Maria Popova’s new tome, Figuring, is a masterful weave of astronomy, social justice and human consciousness. It also contains age-old lessons for storytellers whose job is to bring new ideas to wide audiences. This is no simple task. Translating complex ideas and technologies is an art of clarity (see how NPR covers the Nobel prize winners in medicine).
Too often, innovators believe that the invention itself, or the data alone should compel belief. I spend my time in storytelling workshops urging everyone toward empathy for their audiences. We have to understand why they should care. But we also have to make it interesting to earn their attention in the first place, especially in today’s firehose of social media and polarizing headlines. The facts are never enough.
Enter Popova and her storytelling about Johannes Kepler, an astronomer in 17th century Europe. If you don’t know his name, you probably should. He’s the one who, for the first time, used math to demonstrate that the planets orbit the sun, and do so in elliptical paths. He also was the first to discover the actual orbit of Mars.
These findings were published in his book, Astronomia nova (The New Astronomy). Popova writes that Kepler knew “the scientific proof was too complex, too cumbersome, too abstract to persuade even his peers, much less the scientifically illiterate public; it wasn’t data that would dismantle their celestial parochialism, but storytelling.”
So Kepler wrote a novel called The Dream. Now, this was a great PR idea. It went bad when he made the main character too much like himself, and the main character’s mother, an herb doctor, too much like his. People took it to be autobiographical and accused his mother of being a witch. Sigh. (Kepler would ultimately clear her name, but only after she spent more than a year chained to a prison cell floor.) The art of storytelling is always landmined with the interpretations of its audiences.
When storytelling works, new horizons become visible. Popova cites Mary Somerville who translated a complex mathematical piece by Pierre-Simon Laplace, the “Newton of France.” Somerville was, jointly with Caroline Herschelone, the first woman accepted into the Royal Astronomical Society. Popova: “Somerville didn’t merely translate the math, but expanded upon it and made it comprehensible to lay readers.”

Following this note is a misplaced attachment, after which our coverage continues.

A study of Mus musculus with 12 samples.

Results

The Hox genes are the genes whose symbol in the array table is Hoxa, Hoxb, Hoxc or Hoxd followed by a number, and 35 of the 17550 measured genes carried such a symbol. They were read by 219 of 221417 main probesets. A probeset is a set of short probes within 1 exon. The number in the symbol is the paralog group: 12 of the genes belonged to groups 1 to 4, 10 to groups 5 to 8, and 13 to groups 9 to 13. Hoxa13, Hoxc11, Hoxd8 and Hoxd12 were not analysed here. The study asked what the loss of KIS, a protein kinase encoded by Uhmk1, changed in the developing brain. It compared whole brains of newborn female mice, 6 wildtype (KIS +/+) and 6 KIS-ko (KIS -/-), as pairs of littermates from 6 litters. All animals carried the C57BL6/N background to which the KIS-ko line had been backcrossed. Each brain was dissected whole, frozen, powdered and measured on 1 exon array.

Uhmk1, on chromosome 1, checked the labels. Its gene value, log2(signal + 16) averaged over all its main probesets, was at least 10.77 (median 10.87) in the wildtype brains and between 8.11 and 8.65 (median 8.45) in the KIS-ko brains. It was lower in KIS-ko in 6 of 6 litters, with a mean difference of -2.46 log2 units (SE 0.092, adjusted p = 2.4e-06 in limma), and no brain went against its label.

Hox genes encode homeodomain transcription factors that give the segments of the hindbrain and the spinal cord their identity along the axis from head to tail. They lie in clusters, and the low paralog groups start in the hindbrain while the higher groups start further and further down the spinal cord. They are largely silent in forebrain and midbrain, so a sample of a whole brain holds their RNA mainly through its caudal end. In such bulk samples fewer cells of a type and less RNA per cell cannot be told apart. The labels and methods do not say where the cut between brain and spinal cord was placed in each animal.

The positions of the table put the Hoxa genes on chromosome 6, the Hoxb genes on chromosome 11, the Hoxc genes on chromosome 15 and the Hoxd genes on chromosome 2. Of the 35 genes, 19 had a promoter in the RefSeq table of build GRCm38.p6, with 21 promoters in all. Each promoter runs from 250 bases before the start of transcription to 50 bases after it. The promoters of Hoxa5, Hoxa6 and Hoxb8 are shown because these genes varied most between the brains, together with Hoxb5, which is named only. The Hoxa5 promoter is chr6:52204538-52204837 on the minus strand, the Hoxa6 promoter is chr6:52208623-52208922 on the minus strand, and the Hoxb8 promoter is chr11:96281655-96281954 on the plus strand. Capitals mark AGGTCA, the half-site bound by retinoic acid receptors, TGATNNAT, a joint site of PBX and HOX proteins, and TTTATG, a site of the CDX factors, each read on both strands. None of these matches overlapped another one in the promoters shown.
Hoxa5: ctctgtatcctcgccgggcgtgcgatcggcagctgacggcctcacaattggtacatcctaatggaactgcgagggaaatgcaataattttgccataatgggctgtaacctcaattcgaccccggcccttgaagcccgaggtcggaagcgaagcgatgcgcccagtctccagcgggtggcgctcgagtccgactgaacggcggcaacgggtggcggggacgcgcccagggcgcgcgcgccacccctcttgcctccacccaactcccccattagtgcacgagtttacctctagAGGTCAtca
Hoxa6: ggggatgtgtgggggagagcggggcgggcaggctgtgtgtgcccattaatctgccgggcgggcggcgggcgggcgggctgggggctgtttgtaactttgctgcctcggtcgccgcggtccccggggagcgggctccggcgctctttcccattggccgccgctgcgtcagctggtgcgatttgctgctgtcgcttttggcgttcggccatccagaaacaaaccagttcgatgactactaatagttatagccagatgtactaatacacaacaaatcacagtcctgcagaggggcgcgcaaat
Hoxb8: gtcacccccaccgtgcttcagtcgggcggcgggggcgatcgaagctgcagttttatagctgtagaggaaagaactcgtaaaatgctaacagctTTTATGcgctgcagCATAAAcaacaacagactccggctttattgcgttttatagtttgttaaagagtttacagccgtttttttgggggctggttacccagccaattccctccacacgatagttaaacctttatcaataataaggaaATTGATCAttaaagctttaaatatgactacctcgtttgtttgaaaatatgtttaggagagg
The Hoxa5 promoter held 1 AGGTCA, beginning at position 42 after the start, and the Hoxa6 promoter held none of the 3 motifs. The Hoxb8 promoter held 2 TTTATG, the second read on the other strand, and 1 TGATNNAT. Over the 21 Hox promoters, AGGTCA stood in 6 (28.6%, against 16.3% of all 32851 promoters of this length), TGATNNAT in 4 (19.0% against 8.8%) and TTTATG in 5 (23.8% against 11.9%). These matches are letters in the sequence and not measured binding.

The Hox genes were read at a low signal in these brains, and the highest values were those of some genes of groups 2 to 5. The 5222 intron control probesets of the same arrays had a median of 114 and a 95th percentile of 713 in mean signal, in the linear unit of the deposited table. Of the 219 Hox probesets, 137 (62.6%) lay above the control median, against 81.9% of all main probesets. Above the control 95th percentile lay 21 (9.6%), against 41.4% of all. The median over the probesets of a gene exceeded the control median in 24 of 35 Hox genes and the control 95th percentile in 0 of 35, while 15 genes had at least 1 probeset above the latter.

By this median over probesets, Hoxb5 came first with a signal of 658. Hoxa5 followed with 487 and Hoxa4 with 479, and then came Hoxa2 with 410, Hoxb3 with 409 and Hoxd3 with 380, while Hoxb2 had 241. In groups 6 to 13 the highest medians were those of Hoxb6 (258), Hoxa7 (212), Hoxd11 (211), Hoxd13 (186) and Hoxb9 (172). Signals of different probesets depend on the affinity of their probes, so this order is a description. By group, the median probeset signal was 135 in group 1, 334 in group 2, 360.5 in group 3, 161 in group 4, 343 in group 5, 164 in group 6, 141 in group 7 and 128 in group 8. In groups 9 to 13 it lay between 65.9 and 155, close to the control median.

This is the work of good PR. We translate complex ideas into accessible stories that move innovation and culture forward. These are our 10 recommendations for building community and trust through storytelling. As Denise Levertov, an American poet featured in Figuring, said when asked for a “statement on poetics”: poetry should “awaken the sleeper by other means than shock.” As should good PR.
Since the early days working around her kitchen table, Beth has grown Inkhouse into one of the top independent PR agencies in the country. She’s been named a Top Woman in PR by PR News, a Top 25 Innovator by PRovoke, and an Ernst & Young Entrepreneur of the Year finalist. Beth designed Inkhouse’s signature Storytelling Workshop to mirror the literary hero’s journey and to unearth the emotional connections that bind an audience to a brand or idea. She also uses narratives to build Inkhouse’s culture, most recently through two books of employee essays, “Hindsight 2020” and “Aren’t We Lucky?”